In hazardous biz, a need to reduce uncertainty
Television is historically a hazardous business, which explains the desire to diminish uncertainty and replicate success whenever possible. If something is working, don’t tamper with it. When the audience demonstrates an affinity for a formula, give it to them again in a slightly altered package.
Therein lies the difference between this year’s Emmy nominees for best drama, all products of basic or pay cable except for PBS’ “Downton Abbey,” and the commercial broadcast networks, which still take gambles, but seldom indulge in the sort of high-wire acts likely to galvanize award voters and enthrall prestige-minded audiences, if not necessarily the masses.
If there’s a common thread among this year’s Emmy nominees — “Masterpiece’s” “Abbey,” HBO’s “Boardwalk Empire” and “Game of Thrones,” AMC’s “Mad Men” and “Breaking Bad,” and Showtime’s “Homeland” — it’s that sense of fearlessness, how all of them gobble up huge swaths of story, and brave missteps that threaten to derail the whole enterprise.
For the downside of such risk-taking, look no further than AMC’s “The Killing,” which was perceived to have broken its compact with the audience (and especially the viewing elites) by being too coy about whether the first season would deliver closure. The show returned, limped through season two, and didn’t earn a third.
By contrast, the dominant network model is largely more about experience than storytelling. Once familiar with “Law & Order,” “CSI” or any of their multiple spinoffs, a viewer can tune in with a pretty good idea of what’s going to transpire. The details change, but the self-contained episodes are often as neatly defined as a haiku.
Compare that to “Breaking Bad,” or “Homeland” — programs that often seem to hang on the edge of a narrative precipice, leaving the audience wondering how characters will find their ways out of the corners into which the writers have placed them. That they do with such dexterity provides these series with attributes Showtime entertainment chief David Nevins identifies as premium cable’s signature commodity: Unpredictability and surprise.
Various theories have been advanced in recent years regarding cable series’ perceived advantages, the most obvious (and perhaps least important) being greater license in regard to nudity and language. Shorter orders — anywhere from eight to 13 episodes per season for each of the Emmy nominees, which reps half or less than those of popular network fare — are also cited, lessening workloads and helping to woo marquee talent.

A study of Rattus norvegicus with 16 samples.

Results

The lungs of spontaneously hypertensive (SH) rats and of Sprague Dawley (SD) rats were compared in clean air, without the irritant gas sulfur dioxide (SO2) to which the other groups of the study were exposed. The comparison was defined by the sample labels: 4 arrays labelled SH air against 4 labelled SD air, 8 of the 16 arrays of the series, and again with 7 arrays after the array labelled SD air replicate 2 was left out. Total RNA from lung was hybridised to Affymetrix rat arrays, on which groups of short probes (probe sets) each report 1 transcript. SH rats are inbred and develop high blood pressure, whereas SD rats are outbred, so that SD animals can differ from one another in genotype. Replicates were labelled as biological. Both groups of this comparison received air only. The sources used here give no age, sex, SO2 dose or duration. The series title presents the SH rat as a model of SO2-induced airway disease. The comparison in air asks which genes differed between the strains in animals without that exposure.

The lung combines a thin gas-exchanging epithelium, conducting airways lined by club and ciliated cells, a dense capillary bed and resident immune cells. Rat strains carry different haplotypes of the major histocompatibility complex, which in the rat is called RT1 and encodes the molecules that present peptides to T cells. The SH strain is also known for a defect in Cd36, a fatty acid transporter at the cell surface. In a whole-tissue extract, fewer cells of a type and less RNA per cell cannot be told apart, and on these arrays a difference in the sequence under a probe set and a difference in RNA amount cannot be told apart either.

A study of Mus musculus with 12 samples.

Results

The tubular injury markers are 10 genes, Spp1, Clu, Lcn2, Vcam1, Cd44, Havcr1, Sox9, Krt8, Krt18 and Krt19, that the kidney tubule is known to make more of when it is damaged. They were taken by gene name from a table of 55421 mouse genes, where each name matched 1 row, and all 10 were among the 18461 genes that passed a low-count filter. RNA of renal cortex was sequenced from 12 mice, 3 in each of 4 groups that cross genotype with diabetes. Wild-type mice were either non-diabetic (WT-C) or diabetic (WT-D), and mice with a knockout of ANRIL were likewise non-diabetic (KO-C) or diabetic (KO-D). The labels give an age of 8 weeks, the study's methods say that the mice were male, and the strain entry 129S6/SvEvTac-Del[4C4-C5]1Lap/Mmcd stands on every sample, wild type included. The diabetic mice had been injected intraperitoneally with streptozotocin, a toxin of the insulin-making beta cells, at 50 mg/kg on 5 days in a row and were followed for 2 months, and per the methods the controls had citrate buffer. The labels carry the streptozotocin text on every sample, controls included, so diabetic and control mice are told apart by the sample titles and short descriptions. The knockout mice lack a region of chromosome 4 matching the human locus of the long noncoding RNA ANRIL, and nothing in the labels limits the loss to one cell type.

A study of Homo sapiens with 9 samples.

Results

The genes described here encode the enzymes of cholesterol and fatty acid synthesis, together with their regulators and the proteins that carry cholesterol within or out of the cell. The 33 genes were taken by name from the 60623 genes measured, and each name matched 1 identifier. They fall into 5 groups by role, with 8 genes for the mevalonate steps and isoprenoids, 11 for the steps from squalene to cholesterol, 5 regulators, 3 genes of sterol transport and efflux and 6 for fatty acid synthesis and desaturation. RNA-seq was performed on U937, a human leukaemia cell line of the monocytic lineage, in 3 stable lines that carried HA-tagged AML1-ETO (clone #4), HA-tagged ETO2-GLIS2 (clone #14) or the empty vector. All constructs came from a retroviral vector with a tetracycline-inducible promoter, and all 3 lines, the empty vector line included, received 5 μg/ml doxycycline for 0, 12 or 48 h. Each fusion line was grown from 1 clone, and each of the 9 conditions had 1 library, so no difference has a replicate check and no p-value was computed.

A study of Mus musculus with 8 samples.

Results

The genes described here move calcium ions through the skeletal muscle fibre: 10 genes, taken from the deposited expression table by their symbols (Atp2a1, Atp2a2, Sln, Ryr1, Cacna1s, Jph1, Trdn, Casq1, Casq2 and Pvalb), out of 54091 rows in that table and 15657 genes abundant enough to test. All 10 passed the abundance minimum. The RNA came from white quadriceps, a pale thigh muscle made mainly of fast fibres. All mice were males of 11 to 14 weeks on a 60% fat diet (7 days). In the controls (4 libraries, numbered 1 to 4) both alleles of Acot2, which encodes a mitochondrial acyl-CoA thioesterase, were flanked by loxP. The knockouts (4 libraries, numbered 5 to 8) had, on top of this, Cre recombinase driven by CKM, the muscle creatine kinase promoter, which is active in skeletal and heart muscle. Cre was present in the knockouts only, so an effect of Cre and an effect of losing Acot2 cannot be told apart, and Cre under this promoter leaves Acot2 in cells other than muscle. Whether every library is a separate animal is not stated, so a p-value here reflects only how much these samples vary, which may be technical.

The ultimate edge, however, might stem from combining an ability to take bold narrative leaps — killing off key players, for example — within those truncated runs, and thus not having to execute hairpin turns and unexpected twists a couple of dozen times.
While critics in particular appreciate such thrills (watching so much TV has a way of dulling the nerve endings), the broadcast procedural still has its defenders creatively speaking, including piece by New York Times critic Mike Hale, which contends network shows “don’t get the credit they deserve because the attention of critics, and the TV industry itself, is so firmly focused elsewhere.”
Hale suggested while episodic storytelling has fallen out of fashion, there is “a visceral appeal to well-made, self-contained, single-sitting stories that offer the comfort of familiarity while constantly finding new ways to tweak their genre conventions.”
Yet Hale has hit, inadvertently, on the key qualitative discrepancy that keeps these shows from kudos consideration: appeal that’s visceral and comforting, which by its very nature tends not to be as provocative or intellectually stimulating. In an increasingly a la carte world, moreover, it’s hard to imagine Netflix marathons of broadcast network programs in the same way one can greedily consume, like a great novel, full seasons of “Boardwalk” or “Downton Abbey.”
To their credit, broadcasters have continued to take significant risks, but since ABC’s dramatic resurgence in 2004 — when a pair of Hail Mary passes, “Desperate Housewives” and “Lost,” were answered — their most ambitious gambits have been rewarded infrequently.
The broadcast nets chafe at the paltry audiences cable’s high-class dramas attract, and can derive consolation from their own commercial durability. Ultimately, though, they’ll largely sit out the drama portion of this year’s Emmys for a reason: In terms of the equation governing awards and critical acclaim, it really is as simple as, “No guts, no glory.”